When you set out to create a website, it can be very tempting to use a pre-built, off-the-shelf, website theme. However, the disadvantages of pre-built website themes often don’t become clear until later on.
From the offset, pre-built themes are tempting as a much easier and cheaper option, and they can look very appealing in the previews! But, as the saying goes, you do often get what you pay for.
Here are a few of the major issues…
Most pre-built themes will come with a range of different features and plugin integrations, in order to cover a wide range of functionality or design elements the site may need. This isn’t always beneficial as not all these features will be used, leaving the site bloated with unnecessary code.
Custom themes in comparison are bespoke and contain only the required functionality, specifically coded for one website.
2. Resource Intensive
As pre-built themes contain multiple template versions and functionality, this extra code can have an effect on the site’s speed, making optimisation difficult. Some will also come with required plugins to install that if not used, are unnecessarily slowing the site down.
3. Restrictive Design
Customisation available on a pre-built theme can vary and is usually limited to the existing templates the theme provides. It can be difficult to stand out from the crowd as many pre-built themes share a similar look and layout.
With a custom theme, the designer has the benefit of starting from a blank slate, with the ability to design a completely bespoke design that will fit the intended user base. A custom theme can also be tailored to suit existing branding and ensure this is incorporated throughout the site.
4. Update Dependent
Pre-built themes will include future version updates in order to patch out any bugs, fix any found security vulnerabilities, and keep it up to date with newer CMS versions. These are reliant on the theme developer to provide in a timely manner if, for example, a new theme exploit is discovered or a CMS update releases. Any plugin integrations will also require keeping up to date, and can sometimes require additional licenses if not included in theme updates.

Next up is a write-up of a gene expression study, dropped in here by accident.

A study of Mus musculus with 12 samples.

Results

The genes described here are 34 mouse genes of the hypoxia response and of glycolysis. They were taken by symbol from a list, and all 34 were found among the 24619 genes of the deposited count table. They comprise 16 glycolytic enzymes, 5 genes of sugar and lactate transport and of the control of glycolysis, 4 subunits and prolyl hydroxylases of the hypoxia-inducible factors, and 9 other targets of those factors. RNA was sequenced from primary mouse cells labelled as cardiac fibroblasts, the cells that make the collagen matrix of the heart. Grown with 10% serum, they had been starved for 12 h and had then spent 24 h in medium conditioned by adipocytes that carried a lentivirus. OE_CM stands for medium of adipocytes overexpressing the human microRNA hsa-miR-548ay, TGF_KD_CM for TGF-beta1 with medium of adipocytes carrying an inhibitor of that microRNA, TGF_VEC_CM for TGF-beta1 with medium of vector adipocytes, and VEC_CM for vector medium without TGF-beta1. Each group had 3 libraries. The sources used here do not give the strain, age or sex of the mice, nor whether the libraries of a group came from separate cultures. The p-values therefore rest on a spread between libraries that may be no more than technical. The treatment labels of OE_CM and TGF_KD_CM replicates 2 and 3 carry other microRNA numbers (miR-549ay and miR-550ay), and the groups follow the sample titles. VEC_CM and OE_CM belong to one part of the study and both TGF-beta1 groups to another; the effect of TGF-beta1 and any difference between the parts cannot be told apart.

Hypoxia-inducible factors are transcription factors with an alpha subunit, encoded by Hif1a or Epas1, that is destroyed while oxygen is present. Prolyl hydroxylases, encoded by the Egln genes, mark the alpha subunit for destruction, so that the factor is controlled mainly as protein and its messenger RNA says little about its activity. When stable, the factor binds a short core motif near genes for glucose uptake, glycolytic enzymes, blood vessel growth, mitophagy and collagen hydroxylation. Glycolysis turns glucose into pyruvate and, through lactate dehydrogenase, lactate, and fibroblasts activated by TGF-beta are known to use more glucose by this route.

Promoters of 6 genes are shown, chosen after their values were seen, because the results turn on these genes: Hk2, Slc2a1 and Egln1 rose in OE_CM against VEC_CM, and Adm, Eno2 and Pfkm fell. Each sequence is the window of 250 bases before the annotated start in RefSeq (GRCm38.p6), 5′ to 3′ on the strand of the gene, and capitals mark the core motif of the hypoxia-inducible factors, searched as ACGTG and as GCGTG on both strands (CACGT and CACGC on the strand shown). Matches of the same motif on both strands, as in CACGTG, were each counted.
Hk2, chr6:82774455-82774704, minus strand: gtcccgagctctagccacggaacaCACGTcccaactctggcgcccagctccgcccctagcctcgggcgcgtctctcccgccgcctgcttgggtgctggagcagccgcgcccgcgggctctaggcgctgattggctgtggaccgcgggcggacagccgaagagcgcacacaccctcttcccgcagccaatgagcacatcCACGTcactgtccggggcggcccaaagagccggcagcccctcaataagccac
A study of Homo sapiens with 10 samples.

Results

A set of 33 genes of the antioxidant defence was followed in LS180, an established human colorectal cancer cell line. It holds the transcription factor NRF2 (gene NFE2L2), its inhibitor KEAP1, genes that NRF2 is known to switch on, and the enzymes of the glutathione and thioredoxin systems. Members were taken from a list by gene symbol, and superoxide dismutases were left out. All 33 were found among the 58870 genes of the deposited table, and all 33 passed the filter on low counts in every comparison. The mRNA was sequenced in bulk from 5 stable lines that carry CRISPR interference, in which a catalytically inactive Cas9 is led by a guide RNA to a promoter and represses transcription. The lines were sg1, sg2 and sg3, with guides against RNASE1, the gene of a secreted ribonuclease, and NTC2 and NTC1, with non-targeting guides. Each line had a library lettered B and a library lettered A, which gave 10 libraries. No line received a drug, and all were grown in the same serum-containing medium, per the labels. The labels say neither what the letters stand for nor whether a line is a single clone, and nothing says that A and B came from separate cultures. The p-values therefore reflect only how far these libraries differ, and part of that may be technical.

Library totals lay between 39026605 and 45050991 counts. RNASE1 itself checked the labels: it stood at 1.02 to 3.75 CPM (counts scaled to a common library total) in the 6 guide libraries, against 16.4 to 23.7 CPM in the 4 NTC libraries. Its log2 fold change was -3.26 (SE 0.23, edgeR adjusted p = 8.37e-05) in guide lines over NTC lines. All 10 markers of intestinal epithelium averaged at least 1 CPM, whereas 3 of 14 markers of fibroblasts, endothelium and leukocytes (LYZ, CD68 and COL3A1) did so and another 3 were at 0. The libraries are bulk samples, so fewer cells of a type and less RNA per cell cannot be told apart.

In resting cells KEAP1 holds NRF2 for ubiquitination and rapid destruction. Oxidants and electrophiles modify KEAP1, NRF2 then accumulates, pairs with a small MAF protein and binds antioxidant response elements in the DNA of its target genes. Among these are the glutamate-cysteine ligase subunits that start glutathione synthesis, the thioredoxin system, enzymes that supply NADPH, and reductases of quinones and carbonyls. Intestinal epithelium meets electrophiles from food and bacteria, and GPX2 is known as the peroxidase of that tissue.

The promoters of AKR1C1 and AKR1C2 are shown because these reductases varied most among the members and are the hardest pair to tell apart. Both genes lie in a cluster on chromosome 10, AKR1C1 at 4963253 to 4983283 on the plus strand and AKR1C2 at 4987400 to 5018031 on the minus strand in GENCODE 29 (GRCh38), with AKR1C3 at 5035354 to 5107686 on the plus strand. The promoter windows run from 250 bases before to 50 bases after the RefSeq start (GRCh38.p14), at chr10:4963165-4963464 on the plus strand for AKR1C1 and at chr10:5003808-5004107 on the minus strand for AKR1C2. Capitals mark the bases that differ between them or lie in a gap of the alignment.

Sometimes major changes are included within a theme update, which may break existing functionality or design elements and require a manual fix.
It’s also possible for the theme developer to discontinue or stop updating a theme completely, leaving it vulnerable to hacks and permanently outdated when a new CMS update is released.
5. Code Quality
Most bought themes provide demos so you can view what certain pages and templates will look like beforehand. However, these mainly focus on showcasing the design and frontend elements, and it’s not always possible to view the quality of the code from these demos.
Any bugs with the theme will most often not be identified until after the theme has been purchased and installed.
6. SEO Limitations
Similar to not being able to evaluate the theme’s code before purchasing, it’s also not possible to check if the theme is optimised efficiently for SEO. This could stall an SEO campaign from reaching its full potential if the theme is not suited to follow SEO best practices.
7. Limited Support
Additional support can vary with bought themes, most will have a ticketing system or comment section to report bugs, which are heavily reliant on how responsive the developer is. The majority of themes will also have a time limit of support they offer for these requests after the original purchase. Once this expires there may be an additional cost required in order to receive a response to a support ticket.
Due to these key disadvantages of pre-built website themes, our Web team only develop custom-built themes – that way, we can guarantee the quality and the longevity of the sites we create.
Sadly, as you can see, that isn’t the case when using pre-built themes.
Sarah is our Web Project Manager – who better to write about web projects?